July 31, 2007


"All the saints greet you...."

What is a saint?

The Canadian Oxford Dictionary unfortunately defines a saint as, “a person who is acknowledged as holy or virtuous and regarded in Christian faith as being in heaven after death,” or “a person of exalted virtue who is canonized by the Church after death and who may be the object of veneration and prayers for intercession,” or “informally a very virtuous person,” or “a member of the Church of Jesus Christ of Latter-Day Saints; a Mormon,” or “worthy of being a saint; very virtuous.”

Not one of these definitions is biblical, at least not entirely.

In Scripture, a saint is anyone who by salvation has been sanctified or set apart from sin through faith in Jesus Christ. In the mind of God, a saint is declared holy (which means set apart), not because of their own virtue, but by the imputed righteousness of Christ. No one has to physically die to become a saint, but they do have to be “dead to sin” and “alive to God.” This is both a position and a progress.

Some Bible translators erred or were perhaps afraid to directly translated Paul’s words. Where he wrote, “called saints” or “saints by calling” they put “called to be saints” as if this was that future event when Christians step into eternity and are transformed, forever without sin. They could not bring themselves to call the ordinary, struggling-with-sin believer a saint.

Historically, “saint” thus became used to designate specific individuals who were held to be extreme examples of the faith. These people were venerated as an inspiration to other Christians, and the term saint was first applied to martyrs.

One group (mentioned above) takes this title more as Paul considered it. They do apply it to all members of their ‘church.’ However, the doctrines of the Mormons fall away from other more important biblical foundations about God and the nature of salvation. Any Mormon that I have talked to does not understand what it means to be saved by grace through faith.

It is biblical to link “saint” and “holy,” but the common understanding of holy has also drifted from its original moorings. “Holy” when applied to God does mean sinless perfection, but could never mean that when applied to human beings. We are not that in this life, which is likely why most “saints” these days can only be dead people.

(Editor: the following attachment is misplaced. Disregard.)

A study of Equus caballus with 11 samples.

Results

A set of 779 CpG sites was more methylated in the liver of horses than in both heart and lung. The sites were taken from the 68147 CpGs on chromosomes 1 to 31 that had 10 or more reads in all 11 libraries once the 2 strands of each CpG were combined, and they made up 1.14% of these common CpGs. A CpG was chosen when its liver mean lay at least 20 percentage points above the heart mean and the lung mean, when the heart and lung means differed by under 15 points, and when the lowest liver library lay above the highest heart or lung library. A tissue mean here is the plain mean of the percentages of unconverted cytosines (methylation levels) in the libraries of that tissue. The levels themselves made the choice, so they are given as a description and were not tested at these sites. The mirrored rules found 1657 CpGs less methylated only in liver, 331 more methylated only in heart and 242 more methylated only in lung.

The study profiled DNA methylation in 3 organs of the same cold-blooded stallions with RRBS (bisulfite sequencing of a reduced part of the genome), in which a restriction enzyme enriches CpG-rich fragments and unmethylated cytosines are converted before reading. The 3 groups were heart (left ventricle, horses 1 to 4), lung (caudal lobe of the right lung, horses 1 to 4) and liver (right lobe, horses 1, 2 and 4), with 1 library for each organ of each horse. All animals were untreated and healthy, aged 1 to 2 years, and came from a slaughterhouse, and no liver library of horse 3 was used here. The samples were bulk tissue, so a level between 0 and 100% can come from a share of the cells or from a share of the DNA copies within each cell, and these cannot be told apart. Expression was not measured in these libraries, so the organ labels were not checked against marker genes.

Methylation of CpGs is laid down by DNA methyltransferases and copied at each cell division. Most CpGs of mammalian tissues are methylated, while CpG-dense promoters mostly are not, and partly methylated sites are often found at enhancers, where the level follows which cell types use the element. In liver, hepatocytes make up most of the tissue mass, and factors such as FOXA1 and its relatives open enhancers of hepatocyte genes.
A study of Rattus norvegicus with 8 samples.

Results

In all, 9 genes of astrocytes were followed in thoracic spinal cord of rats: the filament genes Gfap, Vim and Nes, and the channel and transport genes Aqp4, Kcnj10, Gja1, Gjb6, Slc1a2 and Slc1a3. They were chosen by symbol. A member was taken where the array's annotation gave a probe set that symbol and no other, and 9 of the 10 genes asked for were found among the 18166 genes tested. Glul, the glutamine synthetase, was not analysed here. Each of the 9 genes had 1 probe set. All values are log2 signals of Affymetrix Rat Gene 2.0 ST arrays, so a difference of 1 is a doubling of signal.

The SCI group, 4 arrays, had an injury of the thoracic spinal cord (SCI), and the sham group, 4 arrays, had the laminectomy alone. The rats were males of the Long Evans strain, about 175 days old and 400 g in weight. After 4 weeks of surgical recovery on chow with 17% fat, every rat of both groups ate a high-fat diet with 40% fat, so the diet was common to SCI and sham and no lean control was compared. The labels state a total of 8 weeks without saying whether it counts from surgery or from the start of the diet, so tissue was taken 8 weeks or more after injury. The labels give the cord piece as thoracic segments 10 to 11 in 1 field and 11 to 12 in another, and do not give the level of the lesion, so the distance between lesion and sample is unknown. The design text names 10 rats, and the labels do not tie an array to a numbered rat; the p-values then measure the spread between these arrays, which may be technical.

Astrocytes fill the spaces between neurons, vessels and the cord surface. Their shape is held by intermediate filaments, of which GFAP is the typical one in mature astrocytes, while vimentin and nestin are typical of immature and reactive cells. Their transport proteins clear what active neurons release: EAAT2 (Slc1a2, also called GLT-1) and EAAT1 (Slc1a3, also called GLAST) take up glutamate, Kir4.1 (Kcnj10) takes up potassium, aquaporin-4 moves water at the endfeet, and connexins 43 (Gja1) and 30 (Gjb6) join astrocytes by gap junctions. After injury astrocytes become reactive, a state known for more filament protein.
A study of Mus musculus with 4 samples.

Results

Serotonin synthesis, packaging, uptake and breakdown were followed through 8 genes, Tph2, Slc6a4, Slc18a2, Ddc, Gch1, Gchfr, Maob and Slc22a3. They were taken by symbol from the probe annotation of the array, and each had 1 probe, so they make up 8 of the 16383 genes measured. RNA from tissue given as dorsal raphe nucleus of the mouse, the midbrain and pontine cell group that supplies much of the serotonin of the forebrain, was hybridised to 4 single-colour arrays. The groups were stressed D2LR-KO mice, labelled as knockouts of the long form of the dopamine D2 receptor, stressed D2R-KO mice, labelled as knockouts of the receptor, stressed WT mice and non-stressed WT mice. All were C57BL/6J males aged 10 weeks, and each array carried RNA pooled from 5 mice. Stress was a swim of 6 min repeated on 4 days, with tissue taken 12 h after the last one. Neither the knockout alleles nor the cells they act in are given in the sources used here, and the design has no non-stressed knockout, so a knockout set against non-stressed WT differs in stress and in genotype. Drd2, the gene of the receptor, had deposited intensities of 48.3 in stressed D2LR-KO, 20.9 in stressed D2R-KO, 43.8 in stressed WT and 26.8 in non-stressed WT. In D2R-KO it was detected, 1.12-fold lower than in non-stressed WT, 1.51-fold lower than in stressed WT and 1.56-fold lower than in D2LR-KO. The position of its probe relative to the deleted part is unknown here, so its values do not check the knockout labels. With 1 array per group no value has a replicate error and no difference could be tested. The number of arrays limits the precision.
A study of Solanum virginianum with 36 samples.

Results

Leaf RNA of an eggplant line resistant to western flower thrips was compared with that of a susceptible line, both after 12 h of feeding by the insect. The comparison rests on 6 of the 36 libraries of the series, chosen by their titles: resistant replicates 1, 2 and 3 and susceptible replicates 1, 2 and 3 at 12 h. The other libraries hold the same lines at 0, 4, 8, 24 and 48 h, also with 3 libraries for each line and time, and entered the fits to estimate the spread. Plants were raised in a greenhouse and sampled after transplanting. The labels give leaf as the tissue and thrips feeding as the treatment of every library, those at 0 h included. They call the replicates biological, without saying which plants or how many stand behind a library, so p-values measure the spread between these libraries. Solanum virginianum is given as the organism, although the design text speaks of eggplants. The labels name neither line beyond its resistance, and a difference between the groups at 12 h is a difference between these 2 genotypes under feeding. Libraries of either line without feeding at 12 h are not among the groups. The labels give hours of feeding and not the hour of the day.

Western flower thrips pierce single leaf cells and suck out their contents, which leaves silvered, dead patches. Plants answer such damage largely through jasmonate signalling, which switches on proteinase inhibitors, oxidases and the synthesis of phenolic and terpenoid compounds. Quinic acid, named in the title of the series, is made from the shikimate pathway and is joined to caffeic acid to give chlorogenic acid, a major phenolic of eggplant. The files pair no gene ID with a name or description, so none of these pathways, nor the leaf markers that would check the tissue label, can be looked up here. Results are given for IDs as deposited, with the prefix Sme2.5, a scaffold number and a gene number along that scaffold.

However, God calls holy those who believe. He doesn’t wait until we are dead. Besides that, we are saints ‘by calling’ not by virtue. The only way I know how to illustrate this is the army. A recruit is sworn in and given the designation of ‘private’ yet he or she is every bit as much a soldier as a five-star general. The latter has more experience and in function knows far more about soldiering, but both are in the army and both are soldiers.

God calls me a saint now, not to be a saint. By His word He also asks me to recognize all His people as saints. Otherwise, how would we know who is a saint and who is not? Do we appoint a group of people to examine our lives years after we die to see if we performed a miracle or not?

I’d rather go with what God says. My status as His child and His saint comes from the Bible and the Lord, not the decision of men.

Rather than elevating me though, this designation humbles me. I know the feeling of the newly sworn in soldier. He is now declared “in the army” and his heart’s desire is to perform worthy of that calling. He holds his head high. By being told who he is, he makes every effort to live up to his calling.

My devotional book says that we who belong to Jesus Christ should never consider ourselves merely “called to be” saints and asks “How long shall we have to be “being” before we can actually be?” Instead, we already are.

For me, this has great practical value. When I mess up, am tempted, or my halo hangs over one ear, I need to remember that I can praise God and get back on track because I already am what He says I am. Even though I’m still in training, I am a saint.